Feeling a little sluggish and low energy lately?
Many factors can contribute to fatigue, but none as well-known as low B-12. A slight deficiency of vitamin B-12 can lead to anemia, fatigue, mania and depression, while a long-term deficiency can cause permanent damage to the brain and central nervous system.
Vitamin B-12 can only be manufactured by our gut bacteria and is only found naturally in animal products. But fear not my vegetarian (and non-vegetarian friends), an easy and effective way to increase and maintain adequate levels is through supplementation. What you want to look for is the active form of B-12 called Methylcobalamin, and in a sublingual tablet that dissolves under the tongue. This sublingual lozenge delivers the quickest absorption into the body and does not require our digestive tract to assimilate it. It’s what we ABSORB, not what we eat, that determines our health. So if you find yourself with low energy and exhaustion, brain fog, impaired digestion, or are vegetarian, vitamin B-12 might be worth looking into.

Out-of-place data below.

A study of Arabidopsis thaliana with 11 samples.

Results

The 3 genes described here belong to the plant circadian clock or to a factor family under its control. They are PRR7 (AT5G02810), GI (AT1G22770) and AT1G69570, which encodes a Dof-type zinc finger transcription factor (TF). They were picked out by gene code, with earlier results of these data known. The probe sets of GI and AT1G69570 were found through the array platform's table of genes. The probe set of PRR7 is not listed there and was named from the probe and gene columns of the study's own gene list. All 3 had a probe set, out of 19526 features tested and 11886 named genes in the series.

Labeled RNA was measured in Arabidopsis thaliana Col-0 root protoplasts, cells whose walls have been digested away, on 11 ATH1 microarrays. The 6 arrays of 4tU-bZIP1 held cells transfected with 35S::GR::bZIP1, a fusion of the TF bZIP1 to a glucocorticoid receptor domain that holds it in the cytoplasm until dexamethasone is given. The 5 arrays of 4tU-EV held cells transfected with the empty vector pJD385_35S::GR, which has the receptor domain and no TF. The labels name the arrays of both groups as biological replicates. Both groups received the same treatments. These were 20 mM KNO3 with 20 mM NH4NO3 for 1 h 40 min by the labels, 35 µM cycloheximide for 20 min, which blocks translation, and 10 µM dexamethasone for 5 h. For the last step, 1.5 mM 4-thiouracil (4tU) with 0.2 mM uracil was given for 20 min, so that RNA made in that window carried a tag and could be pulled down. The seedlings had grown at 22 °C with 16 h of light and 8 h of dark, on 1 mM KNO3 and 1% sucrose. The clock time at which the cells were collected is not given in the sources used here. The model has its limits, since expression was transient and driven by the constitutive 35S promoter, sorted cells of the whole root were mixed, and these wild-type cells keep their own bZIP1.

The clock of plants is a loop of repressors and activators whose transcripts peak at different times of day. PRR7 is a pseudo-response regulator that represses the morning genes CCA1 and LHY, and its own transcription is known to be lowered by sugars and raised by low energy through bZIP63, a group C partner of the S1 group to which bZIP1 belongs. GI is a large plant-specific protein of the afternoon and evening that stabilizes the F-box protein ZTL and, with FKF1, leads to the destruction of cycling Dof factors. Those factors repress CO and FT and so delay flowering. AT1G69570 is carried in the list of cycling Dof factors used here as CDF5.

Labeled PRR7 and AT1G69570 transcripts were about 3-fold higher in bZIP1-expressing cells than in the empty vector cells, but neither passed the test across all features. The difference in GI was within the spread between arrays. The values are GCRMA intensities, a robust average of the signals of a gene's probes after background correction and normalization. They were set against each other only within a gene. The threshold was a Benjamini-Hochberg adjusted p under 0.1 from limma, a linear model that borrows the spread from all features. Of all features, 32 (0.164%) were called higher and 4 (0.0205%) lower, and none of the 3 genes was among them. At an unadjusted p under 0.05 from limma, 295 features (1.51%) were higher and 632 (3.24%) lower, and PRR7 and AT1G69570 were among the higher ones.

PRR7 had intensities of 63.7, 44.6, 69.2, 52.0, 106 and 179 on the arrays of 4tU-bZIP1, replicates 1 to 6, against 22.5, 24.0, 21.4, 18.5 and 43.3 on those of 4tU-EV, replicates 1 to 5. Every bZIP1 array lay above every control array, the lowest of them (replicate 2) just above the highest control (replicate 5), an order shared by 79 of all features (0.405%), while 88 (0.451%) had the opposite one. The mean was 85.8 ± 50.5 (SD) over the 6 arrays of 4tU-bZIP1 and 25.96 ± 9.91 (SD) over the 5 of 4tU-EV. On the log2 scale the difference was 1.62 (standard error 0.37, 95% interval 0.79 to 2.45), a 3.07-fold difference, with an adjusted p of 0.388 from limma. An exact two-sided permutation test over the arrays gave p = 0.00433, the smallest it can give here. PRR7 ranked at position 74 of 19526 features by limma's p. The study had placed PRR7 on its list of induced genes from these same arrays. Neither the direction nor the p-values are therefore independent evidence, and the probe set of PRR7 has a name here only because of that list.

Food Sources of B-12
Clams, Oysters, Mussels
Shellfish is a great source of B-12 and can be eaten raw, baked, steamed, fried or made into chowder. In addition to B-12, shellfish is also a great source of zinc, copper and iron.
Liver can be prepared steamed or fried with onions and herbs. The liver of any animal is packed with B-12, with highest levels found in lamb, beef, veal, turkey, duck and goose.
Raw yolk of chicken eggs contains the most B-12.
Common meat in Middle Eastern, Mediterranean, East Asian, Australian and European cuisine, which also provides high amounts of protein and zinc.
Contains high amounts of B-12, protein, zinc and heme-iron.
Crab and Lobster
Can be eaten baked, steamed or in bisque; also great sources of zinc and protein.
While Mackerel provides the most B-12, all fish are high in healthy omega-3 fats, protein and zinc.